Rhubarb Pickles ’cause you gotta have ’em

Rhubarb Pickles

This jar is already half-eaten. I am now fully addicted so I’m sure it will be empty as I finish this post. I didn’t know what I was going to do with these yet I was absolutely driven to make them after realizing there was more to pickles than cucumbers. My confusion seems like a distant memory now as I just can’t stop eating them…one…by…one…bye one… This pickle binge is still in full force and yet I’m already feeling the tinge of panic as I realize I only made 1 quart of these infatuation inspiring enigmatic parcels of joy. This addiction will certainly propel me back to the the vinegar aisle and kitchen before the week is out. Its a good thing they are terribly easy to make.

As culinary explorations go this one raises quite a few questions: Why the sudden need to ‘preserve’ such a thing? I have, after all, gotten this far in life without much rhubarb. It can’t be about “preservation” if they are going to be gone within a few days? And how come supermarket checkers never seem to know what rhubarb is and have to ask someone else in order to ring it up? (“Hey Diane! Is this ‘Taro Root?”….um, no.) How come something this good only merits a few stalks in the produce section? Why isn’t everybody hoarding it like I am? (See above regarding so little supermarket demand.)

Rhubarb Pickles

This particular recipe seemed to be less about rhubarb pickling for preservation (or even as culinary ingredient) and about preparing rhubarb to be eaten as its own discrete treat. A little jewel of a snack. As a snack, they are perfect. Don’t fully peel the rhubarb so as to preserve the lovely red pigment. They will get a little chewier as a result but you are free to repeat the hot brine process as much as you want to get the consistency you like best. I did it twice. The original recipe called for honey instead of sugar. I substituted an equal amount of white sugar knowing that this would make the result less sweet since honey is sweeter than sugar by volume. This was fine with me as I wasn’t after the desert topping result the original recipe seemed intended for. To recapture the flavor loss this substitution I added in just a taste of brown sugar. Good move. I was pleased with the result and will probably do it this way again as honey can be a bit overpowering. The original recipe also calls for grenadine which is something I don’t keep on hand and since commercial grenadine is all high fructose corn syrup and artificial flavors. Instead of the poison that is HFCS I added a few tablespoons of Red Dye #4. Aren’t I sensible?

Rhubarb Pickles


Rhubarb Pickles

This is what you will need:

  • 1.5 lb. ripe rhubarb
  • 1/2 cup sherry vinegar
  • 1/2 cup rice vinegar
  • 1 cup white sugar
  • 1 tbs. brown sugar
  • 2 tbs. maraschino cherry syrup -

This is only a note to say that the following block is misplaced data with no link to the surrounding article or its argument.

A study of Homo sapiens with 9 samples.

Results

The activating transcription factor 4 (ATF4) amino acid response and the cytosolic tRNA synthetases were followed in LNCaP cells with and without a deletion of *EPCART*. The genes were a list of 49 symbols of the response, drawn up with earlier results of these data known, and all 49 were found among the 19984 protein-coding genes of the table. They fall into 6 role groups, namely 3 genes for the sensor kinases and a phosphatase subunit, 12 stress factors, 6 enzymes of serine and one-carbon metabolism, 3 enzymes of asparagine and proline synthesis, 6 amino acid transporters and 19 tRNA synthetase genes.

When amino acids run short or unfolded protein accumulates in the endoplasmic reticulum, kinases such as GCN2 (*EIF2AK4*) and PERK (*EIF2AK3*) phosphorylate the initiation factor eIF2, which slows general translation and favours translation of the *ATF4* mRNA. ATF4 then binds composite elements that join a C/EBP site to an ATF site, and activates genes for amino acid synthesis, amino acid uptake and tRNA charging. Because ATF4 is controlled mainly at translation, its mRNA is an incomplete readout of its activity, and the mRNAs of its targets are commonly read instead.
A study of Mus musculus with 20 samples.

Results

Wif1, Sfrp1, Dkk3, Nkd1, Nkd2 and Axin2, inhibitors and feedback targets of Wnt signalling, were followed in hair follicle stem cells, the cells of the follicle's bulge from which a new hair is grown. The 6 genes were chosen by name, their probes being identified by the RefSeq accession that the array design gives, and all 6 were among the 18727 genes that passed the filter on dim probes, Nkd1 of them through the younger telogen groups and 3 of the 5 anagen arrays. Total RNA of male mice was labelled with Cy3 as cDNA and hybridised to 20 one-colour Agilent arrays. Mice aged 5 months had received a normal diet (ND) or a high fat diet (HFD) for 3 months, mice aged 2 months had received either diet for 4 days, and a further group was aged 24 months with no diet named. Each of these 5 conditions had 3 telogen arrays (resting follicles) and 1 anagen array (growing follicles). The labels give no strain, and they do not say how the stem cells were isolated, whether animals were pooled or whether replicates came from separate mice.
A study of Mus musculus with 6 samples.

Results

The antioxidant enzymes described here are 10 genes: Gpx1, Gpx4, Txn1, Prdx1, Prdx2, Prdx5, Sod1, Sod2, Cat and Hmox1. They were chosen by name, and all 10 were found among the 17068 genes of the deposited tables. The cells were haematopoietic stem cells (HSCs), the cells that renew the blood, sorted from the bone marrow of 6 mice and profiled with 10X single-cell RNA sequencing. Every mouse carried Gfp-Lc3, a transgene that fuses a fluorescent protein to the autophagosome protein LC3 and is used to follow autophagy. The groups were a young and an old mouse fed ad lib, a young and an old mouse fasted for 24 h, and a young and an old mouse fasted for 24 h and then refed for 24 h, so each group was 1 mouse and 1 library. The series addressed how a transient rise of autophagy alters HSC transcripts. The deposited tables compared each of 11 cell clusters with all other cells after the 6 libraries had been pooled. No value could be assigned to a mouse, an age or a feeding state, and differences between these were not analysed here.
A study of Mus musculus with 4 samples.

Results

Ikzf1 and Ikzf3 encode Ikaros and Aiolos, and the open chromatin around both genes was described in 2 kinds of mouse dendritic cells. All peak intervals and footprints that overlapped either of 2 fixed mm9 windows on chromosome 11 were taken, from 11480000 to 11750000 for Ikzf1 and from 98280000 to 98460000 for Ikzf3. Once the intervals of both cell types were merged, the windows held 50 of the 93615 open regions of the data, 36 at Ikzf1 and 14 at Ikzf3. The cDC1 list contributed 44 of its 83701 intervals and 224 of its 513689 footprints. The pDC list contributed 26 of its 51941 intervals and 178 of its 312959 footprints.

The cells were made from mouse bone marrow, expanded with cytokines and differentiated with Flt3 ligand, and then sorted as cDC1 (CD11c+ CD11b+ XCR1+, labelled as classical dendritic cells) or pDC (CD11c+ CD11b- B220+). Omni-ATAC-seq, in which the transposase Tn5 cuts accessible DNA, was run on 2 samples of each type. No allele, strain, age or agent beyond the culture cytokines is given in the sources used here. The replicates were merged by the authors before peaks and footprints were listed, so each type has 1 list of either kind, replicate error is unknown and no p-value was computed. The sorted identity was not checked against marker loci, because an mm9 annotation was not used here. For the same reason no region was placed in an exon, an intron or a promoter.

• 3 maraschino cherries – optional
  • 1 tbs. coarse salt
  • 2 star anise

This is how you make it:

  1. Trim the rhubarb stalks, discarding the coarse inch or so at each end.
  2. Discard any leaves and peel the rhubarb sparingly to keep red pigment.
  3. Only peel what looks to be ‘tough’.
  4. Cut the stalks into neat sections no more than 1 inches long and 1/4 inch wide.
  5. Place in flat-bottomed glass dish.
  6. Put the vinegars, sugars, syrup, salt, and star anise in a saucepan and bring to a boil over high heat.
  7. Add syrup and cherries.
  8. Turn off the heat and let cool for about 5 minutes.
  9. Pour over the rhubarb and cover with plastic wrap. Let cool to room temperature.
  10. Taste the pickles for texture. If they’re too crisp for your taste, drain the liquid into a clean saucepan, bring back to a simmer, let it cool for a few minutes, then pour it over the rhubarb again, with the star anise.
  11. Store in the refrigerator in the liquid. Serve cold.

Guess who is checking out home made grenadine recipes?


About Trevor Kensey

To be truthful, I don’t know what “Sis. Boom. [blog!]” means either. The name implies something explosive just happened I suppose I would like it if each post would make made a small ‘boom’ in your day or at least a fizzle. Even though a recipe is included with every post I have a hard time calling this a “food blog” or even myself a “food blogger”.

    thanks for the post, great blog

    Savile Joe

  2. http://www.stirrings.com/content/authentic-grenadine

    I don’t keep it on hand all the time, but it is wonderful!

    I still have a bit more rhubarb growing…I think I may give this a go! I let my rhubarb schnapps plans go & made strawberry rhubarb jam instead.

  3. Does it matter if you use spring or summer rhubarb? Spring rhubarb is tart and tender. Summer rhubarb loses the tangy flavor, but that might not matter with vinegar in the recipe. We grow lots of rhubarb and make jam and cobblers with it in the spring. My husband makes tons of pickles (cukes, beans, peppers, cauliflower, beets) but we haven’t tried rhubarb. I’d love to try that too.

  4. My friend’s mother makes rhubarb jam. They grow it but I’m not that talented to have a green thumb.

  5. I too have pickled rhubarb http://www.sippitysup.com/got-your-rhubarb-pickle yours is more complex and probably better (dammit) than mine. GREG

  6. I made these last night. I found they were pretty sour, so I added even more sugar for the second soak. They’re STILL pretty sour, but totally edible and maybe I will get used to it.

    Either way, it was an adventure. Thanks!

  7. Tom, its a bit late season so even though rhubarb is essentially quite sour (which is why a lot of us like it so much) late season rhubarb will have even less inherent sugars. Save the recipe for next spring and see how it goes. Thanks for stopping by!